Each year, more than 2 million arrests are made of youth, resulting in approximately 300,000 to 600,000 admissions to secure detention.
Of these children detained, two thirds are racial or ethnic minorities, arrested at rates that are out of proportion to the rate of their unlawful behavior. Roughly a quarter of children detained are acutely mentally ill. Eighty percent of girls detained report physical abuse and 50 percent report sexual abuse. JDAI's vision is to handle these children differently and appropriately.
Studies of juvenile detention reveal a system that is arbitrary, discriminatory, and ineffective.
In the decade before JDAI was launched, detention populations increased by more than 70 percent, even though there was no corresponding increase in juvenile crime. By the beginning of the 1990's, two out of every three youth admitted to secure detention was entering a place that was crowded, that could not provide the kinds of custody and care that case law and professional standards require. Less than a third of youth in detention were charged with violent crimes. And, by 1995, almost two-thirds of detained youth were youth of color, a percentage that was disproportionate to both their percentage in the general population and their percentage of youth arrested.
Detention is a growing expense in most jurisdictions.
In some places, the average cost to operate a detention bed exceeds $70,000 annually, and experts estimate that the cost of building, financing and operating a single bed over twenty years is in the range of $1.25 to $1.5 million. As expensive to operate as they are, detention centers do not ensure the rehabilitation of the young people they hold nor do they always ensure their safety while detained.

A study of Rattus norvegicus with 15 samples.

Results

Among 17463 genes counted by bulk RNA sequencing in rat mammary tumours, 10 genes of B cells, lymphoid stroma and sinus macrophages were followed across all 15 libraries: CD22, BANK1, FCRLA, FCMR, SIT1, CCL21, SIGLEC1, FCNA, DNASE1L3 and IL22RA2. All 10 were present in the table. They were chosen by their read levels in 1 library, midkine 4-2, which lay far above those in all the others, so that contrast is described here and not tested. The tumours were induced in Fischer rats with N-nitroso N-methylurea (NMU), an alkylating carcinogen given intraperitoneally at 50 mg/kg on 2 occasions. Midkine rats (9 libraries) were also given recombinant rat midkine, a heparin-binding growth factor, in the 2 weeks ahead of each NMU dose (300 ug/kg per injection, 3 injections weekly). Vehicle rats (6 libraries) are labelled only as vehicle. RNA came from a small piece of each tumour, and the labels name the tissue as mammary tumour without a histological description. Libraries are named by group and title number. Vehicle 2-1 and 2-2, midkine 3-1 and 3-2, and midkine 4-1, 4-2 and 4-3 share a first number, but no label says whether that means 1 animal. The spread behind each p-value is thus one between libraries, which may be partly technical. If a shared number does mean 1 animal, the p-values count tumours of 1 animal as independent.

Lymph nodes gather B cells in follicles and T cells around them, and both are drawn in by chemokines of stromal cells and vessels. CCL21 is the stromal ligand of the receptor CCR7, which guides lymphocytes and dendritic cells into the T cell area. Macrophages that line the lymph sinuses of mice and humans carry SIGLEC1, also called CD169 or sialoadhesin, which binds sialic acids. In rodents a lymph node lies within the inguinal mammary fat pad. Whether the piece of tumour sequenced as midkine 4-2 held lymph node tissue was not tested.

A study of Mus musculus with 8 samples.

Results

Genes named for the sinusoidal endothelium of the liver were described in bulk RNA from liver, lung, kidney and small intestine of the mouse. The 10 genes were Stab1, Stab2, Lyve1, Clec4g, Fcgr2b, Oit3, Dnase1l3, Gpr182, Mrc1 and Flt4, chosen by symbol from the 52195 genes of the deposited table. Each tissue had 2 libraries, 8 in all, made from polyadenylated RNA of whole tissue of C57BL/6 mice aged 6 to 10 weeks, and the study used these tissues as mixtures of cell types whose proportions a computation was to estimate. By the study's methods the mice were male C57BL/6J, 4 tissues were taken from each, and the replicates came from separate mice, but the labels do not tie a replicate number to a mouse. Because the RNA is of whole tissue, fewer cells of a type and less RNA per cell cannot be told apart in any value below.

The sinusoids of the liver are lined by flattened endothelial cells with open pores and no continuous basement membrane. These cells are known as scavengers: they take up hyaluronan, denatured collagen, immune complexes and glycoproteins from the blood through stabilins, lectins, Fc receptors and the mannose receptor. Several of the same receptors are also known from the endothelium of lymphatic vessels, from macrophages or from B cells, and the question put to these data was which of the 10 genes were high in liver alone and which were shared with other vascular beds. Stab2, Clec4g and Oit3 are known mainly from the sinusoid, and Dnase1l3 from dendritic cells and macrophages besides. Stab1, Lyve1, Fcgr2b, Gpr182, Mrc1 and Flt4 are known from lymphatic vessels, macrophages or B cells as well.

Research has shown that lowering juvenile detention populations are commensurate with improved public safety strategies.
Research also shows that there is a likelihood kids will have a much greater chance of avoiding adult criminal if they are diverted from secure detention to community alternatives.
- Research by the Oregon Social Learning Center has shown that when youth are congregated together for treatment, they are more likely to have worse short term behavior and fare worse as adults in their employment, family stability, and interpersonal relationships than youth treated individually.
- Another study of youth in Arkansas showed that prior incarceration was the strongest predictor of future incarceration.
In contrast to the impact that overuse of detention has on young people, the communities that reduced detention populations through JDAI, experienced the same or greater crime drop than that experienced in the rest of the United States.
By focusing attention to detention, the spotlight is shined on the gateway to deeper involvement in the system. By safely minimizing detention, local personnel and officials can effectively minimize unnecessary penetration of youth into the system and free up abundant and wastefully spent public resources.